Will the "peace deal" bring peace to Liberia?

By Lee Sustar | August 22, 2003 | Page 4

OUST ONE warlord, replace him with another, and call it "peace." That's the plan for Liberia following the departure of former President Charles Taylor into exile in nearby Nigeria after a ceremony attended by key African heads of state.

Certainly, hungry and impoverished Liberians are joyful at the hope of an end to the horrific fighting that has taken 200,000 lives over the last decade and turned one-third of the country's population of 3 million into refugees. But if the past is any indication, the settlement--brokered by Liberia's West African neighbors--won't end the dynamics that have resulted in continual war since 1990, even if U.S. troops intervene directly. Under the agreement, Taylor handed over power to his vice president, Moses Blah, who will remain in office until October, when an interim government will take over.

The main rebel group, Liberians for Unification, Reconciliation and Democracy (LURD), stopped fighting when Taylor departed. But LURD officials immediately demanded control of key ministries--including finance, commerce, foreign affairs and maritime affairs, which sells registrations to shipping line owners.

If LURD leader Sekou Conneh thinks that he can get away with these demands, it's because several other Liberians have made the transition from military strongman to political leader over the last 23 years. The pattern began with the 1980 overthrow of the Americo-Liberians--the descendants of U.S. freed slaves who ruled Liberia from its founding in 1847--in a 1980 coup led by Master Sgt. Samuel Doe.

Doe, a member of the Khran ethnic group, made alliances with the Mandingo peoples against the old elite, but other ethnic groups suffered repression. Nevertheless, the U.S. government, having propped up the Americo-Liberians for more than 150 years, embraced the iron-fisted Doe as a Cold War ally in Africa--until he himself was deposed in a coup in 1990.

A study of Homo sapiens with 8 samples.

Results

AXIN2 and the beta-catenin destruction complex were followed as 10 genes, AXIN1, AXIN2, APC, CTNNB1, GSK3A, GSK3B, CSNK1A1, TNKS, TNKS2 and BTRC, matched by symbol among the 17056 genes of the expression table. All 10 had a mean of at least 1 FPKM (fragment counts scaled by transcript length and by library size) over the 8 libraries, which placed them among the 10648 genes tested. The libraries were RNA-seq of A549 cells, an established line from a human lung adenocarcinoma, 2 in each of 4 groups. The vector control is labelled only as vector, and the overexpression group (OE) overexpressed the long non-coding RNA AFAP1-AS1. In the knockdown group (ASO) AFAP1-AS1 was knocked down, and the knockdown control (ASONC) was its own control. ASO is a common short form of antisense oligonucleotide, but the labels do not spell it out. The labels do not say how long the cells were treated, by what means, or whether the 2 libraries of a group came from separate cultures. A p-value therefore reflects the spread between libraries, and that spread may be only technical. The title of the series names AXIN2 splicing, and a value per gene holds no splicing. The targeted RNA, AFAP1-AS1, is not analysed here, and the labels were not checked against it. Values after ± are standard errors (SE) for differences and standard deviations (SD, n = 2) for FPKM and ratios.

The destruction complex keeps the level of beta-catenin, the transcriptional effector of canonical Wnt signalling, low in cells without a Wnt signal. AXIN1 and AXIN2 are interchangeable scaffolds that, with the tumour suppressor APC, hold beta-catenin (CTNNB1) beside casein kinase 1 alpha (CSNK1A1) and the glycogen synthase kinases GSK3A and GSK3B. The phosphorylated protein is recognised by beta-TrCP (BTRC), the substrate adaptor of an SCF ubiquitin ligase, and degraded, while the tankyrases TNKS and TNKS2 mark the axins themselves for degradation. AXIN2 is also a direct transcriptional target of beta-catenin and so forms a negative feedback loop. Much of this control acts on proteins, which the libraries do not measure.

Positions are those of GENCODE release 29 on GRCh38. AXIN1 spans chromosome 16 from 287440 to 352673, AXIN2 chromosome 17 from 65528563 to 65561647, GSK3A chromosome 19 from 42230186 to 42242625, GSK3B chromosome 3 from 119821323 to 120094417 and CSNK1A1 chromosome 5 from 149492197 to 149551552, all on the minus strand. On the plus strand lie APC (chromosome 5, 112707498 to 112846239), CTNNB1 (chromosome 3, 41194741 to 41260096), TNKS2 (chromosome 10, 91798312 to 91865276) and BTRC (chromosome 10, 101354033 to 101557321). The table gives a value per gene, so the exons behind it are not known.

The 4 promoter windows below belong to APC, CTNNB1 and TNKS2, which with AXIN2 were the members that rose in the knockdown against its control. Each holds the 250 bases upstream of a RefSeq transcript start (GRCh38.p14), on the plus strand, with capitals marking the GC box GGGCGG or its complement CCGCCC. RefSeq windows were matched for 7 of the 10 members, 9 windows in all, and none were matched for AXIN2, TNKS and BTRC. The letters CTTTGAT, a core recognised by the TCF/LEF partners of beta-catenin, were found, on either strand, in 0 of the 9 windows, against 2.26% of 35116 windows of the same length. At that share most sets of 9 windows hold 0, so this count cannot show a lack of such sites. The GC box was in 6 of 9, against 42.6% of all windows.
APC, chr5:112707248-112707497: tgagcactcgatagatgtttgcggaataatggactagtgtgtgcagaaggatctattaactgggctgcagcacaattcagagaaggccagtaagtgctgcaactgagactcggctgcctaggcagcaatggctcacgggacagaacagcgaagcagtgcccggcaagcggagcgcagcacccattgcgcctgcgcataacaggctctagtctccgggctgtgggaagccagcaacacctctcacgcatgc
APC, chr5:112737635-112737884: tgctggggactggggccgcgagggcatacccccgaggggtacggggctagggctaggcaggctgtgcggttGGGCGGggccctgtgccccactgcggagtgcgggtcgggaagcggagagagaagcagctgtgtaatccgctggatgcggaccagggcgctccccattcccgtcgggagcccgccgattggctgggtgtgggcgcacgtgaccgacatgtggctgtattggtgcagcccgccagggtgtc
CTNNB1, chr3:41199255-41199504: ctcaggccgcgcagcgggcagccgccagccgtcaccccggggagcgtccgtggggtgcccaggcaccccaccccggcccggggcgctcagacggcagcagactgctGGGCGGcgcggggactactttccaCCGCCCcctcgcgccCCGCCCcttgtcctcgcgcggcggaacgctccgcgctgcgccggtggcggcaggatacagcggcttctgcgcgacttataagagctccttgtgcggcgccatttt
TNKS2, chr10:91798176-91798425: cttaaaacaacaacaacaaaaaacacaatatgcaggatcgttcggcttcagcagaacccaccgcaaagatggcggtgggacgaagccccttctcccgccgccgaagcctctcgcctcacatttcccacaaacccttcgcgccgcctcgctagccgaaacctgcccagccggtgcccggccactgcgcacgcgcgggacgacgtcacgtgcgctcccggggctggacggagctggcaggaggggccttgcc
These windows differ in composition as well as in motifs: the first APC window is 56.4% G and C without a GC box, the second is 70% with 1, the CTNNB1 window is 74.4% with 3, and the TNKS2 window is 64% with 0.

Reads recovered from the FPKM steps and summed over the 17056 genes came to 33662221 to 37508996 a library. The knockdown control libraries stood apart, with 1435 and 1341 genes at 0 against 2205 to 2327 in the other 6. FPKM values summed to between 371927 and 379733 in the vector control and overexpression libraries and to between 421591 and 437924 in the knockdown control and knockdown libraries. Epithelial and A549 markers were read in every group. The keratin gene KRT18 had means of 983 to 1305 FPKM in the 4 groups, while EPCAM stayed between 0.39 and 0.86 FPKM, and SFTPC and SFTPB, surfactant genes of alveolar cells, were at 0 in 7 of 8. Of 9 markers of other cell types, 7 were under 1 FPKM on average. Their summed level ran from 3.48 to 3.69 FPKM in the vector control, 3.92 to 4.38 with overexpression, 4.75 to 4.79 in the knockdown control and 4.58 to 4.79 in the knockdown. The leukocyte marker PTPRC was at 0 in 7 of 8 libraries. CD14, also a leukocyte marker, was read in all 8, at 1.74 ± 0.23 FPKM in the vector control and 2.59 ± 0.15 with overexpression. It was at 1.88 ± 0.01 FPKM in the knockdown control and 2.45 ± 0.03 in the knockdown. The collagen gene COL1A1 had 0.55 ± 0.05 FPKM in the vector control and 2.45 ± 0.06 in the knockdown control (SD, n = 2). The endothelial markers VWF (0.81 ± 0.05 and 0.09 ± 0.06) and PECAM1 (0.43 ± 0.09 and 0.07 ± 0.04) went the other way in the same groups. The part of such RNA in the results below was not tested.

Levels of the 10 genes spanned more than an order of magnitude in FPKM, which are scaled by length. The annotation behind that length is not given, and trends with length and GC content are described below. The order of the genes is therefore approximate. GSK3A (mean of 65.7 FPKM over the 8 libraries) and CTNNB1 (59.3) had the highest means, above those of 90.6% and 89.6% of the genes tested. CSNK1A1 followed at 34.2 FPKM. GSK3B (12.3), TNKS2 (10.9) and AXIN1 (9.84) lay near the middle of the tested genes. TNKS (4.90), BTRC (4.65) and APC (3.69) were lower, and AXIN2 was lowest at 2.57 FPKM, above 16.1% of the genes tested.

Taylor ultimately filled the vacuum, manipulating the grievances of the Mano and Gio people under Doe's regime to build support for his National Patriotic Front of Liberia during the ensuing civil war. By playing off rival factions and controlling the lucrative diamond trade, Taylor was elected president in 1997.

Leaders of West African countries and the U.S. blessed the result, apparently believing that Taylor could bring stability to the region. But Taylor's sponsorship of rebellions in neighboring countries, especially Sierra Leone, led his regional rivals in turn to back the rebel opposition in Liberia.

Falling prices for the resource-rich region's main raw material exports led to an economic crisis, while the end of the Cold War scrambled old alliances. Ethnic rivalries provided a convenient vehicle for power grabs by imperialist outsiders, warlords, nationalist politicians and various states over the last decade.

For example, the former French colony of Guinea received some $3 million in U.S. military aid in 2002, signaling its shift into Washington's orbit. Guinea, in turn, supports the LURD, based mainly among the Mandigo peoples, many of whom are Muslim.

Today, LURD warlord Conneh is attempting to repeat Taylor's success. But ethnic rivalries in his camp earlier this year led to the creation of a breakaway group, the Movement for Democracy in Liberia (MODEL), a heavily Khran group backed by the neighboring country of Ivory Coast.

Meanwhile, Taylor will doubtless try to intervene in Liberian politics from exile, using his substantial business and political connections in Nigeria and Burkina Faso. He hopes to avoid the fate of his late ally, Foday Sankoh, the Sierra Leone rebel whose troops were known for hacking the limbs off their victims. In a peace deal in the late 1990s, Sankoh became minister in charge of the diamond trade--but was ultimately arrested for a United Nations-backed war crimes tribunal, and died awaiting trial.

That same court has indicted Taylor. Whether or not he is ever put on trial, it is already certain that many others who committed war crimes in Liberia will now be anointed as peacemakers. In the 1990s, for example, ECOMOG peacekeepers, mainly from Nigeria, operated in both Liberia and Sierra Leone, where they were denounced by groups such as Human Rights Watch for looting, corruption, torture, summary executions and worse.

The idea that these same forces can bring "peace" to Liberia is a farce. And U.S. troops will have no greater success in imposing "peace" at gunpoint in Liberia than they have had in Iraq.